Parliamentary standing committees neglect duties despite revised act

Posted February. 23, 2023 07:43,   

Updated February. 23, 2023 07:43


It has turned out that none of the National Assembly’s standing committees has met the requirement of opening subcommittee meetings to process bills at least three times a month according to the revised National Assembly Act, enacted almost two years ago to require lawmakers to fulfill their obligations and responsibilities. The Secretariat of the National Assembly looked into the standing committees to see whether they held subcommittee meetings from March 2021 to last month. Last year, the Steering Committee of the National Assembly did not open any subcommittee session at all to handle the processing of pending bills. Those in charge of foreign affairs and unification; intelligence; and gender equality and family presided over only two meetings. Indeed, the survey unveils that they talk the talk but do not walk the walk.

The revised National Assembly Act stipulates that each standing committee should hold two or more general meetings and at least three subcommittee meetings per month for the sake of processing bills. Even though regular meetings may not automatically translate into lawmakers’ greater faithfulness and dedication to their duties, the revision aims to create an environment where they can engage more in legislative responsibilities. However, as it does not have any punitive clauses that are applicable in case of violation, critics point out that it is a flawed revision with loopholes included to allow for non-compliance.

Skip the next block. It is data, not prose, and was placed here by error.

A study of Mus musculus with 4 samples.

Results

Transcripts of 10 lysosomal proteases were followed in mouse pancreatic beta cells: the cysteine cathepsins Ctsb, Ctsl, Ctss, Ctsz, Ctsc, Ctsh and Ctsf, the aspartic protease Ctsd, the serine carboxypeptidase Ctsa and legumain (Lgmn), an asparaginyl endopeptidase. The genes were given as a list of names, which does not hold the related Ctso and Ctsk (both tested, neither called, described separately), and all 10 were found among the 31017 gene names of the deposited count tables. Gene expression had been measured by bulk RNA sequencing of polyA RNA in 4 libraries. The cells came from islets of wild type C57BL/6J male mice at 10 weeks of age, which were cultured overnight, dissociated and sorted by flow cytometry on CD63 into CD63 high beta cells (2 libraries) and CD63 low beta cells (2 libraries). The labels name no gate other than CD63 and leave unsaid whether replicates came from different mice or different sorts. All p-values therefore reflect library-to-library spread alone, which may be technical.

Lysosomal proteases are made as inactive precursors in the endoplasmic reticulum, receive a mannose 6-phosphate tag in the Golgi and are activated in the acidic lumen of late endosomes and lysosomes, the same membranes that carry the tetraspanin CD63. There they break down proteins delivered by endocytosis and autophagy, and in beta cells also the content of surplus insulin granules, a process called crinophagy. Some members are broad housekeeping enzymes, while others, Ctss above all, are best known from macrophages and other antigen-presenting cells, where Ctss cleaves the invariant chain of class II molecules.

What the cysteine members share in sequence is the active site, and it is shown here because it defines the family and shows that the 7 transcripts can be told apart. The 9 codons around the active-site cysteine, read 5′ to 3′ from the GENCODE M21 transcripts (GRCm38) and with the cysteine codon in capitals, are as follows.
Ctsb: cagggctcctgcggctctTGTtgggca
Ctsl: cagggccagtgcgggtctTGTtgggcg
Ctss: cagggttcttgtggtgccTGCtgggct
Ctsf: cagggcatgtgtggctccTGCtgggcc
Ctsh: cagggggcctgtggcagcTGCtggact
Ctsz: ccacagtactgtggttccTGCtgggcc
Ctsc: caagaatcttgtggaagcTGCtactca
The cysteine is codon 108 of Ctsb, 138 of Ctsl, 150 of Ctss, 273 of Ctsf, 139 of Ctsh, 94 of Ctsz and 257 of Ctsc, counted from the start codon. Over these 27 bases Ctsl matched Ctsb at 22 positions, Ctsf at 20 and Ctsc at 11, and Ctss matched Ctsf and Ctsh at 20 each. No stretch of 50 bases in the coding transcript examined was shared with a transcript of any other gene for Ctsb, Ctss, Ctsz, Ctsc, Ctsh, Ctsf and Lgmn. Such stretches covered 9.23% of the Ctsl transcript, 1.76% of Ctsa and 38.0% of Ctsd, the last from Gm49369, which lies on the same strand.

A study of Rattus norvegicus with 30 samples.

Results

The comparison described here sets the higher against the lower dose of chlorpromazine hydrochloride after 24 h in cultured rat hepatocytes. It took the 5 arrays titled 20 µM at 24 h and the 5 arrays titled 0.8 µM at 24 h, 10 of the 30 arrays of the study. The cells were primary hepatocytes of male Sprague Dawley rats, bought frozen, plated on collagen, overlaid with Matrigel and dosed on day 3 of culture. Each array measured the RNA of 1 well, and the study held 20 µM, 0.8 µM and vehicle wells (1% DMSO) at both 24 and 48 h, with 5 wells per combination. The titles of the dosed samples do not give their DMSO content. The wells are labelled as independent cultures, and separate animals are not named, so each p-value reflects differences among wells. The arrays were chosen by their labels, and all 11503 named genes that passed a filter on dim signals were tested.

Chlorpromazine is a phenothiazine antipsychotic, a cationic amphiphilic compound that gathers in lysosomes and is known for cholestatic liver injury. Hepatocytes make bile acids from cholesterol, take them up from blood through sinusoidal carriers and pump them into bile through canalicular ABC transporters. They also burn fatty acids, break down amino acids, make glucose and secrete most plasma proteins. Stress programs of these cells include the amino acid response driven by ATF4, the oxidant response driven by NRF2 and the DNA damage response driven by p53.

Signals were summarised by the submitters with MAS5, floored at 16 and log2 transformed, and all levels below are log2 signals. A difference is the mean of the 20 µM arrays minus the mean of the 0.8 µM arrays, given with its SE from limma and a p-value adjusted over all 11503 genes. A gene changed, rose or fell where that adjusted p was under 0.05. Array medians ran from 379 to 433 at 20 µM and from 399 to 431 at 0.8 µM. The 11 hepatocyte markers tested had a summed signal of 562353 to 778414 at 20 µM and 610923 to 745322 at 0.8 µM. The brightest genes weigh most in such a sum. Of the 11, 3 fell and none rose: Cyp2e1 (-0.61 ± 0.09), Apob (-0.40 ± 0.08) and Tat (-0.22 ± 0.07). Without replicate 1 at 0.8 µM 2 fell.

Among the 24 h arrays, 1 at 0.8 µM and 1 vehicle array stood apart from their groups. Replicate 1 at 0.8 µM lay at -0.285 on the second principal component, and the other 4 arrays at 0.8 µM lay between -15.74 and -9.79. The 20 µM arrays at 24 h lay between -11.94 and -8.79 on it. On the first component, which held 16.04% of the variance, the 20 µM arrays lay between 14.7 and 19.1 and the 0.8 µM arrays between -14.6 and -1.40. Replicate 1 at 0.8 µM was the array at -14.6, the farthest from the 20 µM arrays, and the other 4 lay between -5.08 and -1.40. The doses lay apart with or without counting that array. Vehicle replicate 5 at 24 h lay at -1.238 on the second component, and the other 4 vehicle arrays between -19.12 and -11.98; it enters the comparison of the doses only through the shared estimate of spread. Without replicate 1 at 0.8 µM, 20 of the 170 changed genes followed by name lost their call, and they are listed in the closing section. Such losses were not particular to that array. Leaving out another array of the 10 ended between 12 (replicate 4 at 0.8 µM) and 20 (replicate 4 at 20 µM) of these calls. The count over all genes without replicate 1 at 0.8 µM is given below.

The National Assembly’s standing committees have performed poorly over time. As of 2021, a total of 274 subcommittee meetings (1.3 per month) on pending bills were held by the 17 standing committees. However, last year, they only had 122 meetings (0.6 per month), less than half the previous year's. It may be partly because political tension between the main and opposition parties grew so significantly after last year's presidential election that even the standing committees could not meet up.

All of this may well explain why a pile of pending bills is left unaddressed without any review yet by the 17 standing committees. Last year, they had an average of 776.4 pending bills, up by 250 cases from 2021 and more than triple from 2020. Regrettably, the main and opposition parties are always at odds over focal issues in their interests. With little attention paid to bills that have gained bipartisan support, including the Act on the Protection of Temporary Agency Workers and the Act on the Prevention of and Countermeasures against Violence in Schools, they have even put related discussions on the back burner.

Even if members of the National Assembly are in the middle of political strife, they are supposed to do their job first. It is argued that punitive measures should be taken to reduce yearly allowances for standing committee members being derelict in their duty. However, what should be done on the National Assembly’s part is to increase their awareness of the intrinsic responsibilities for deliberating and processing bills and laws. Political reform should start with the basics. Arguably, a desirable starting point for reinventing politics can be more focused on handling bills that serve citizens.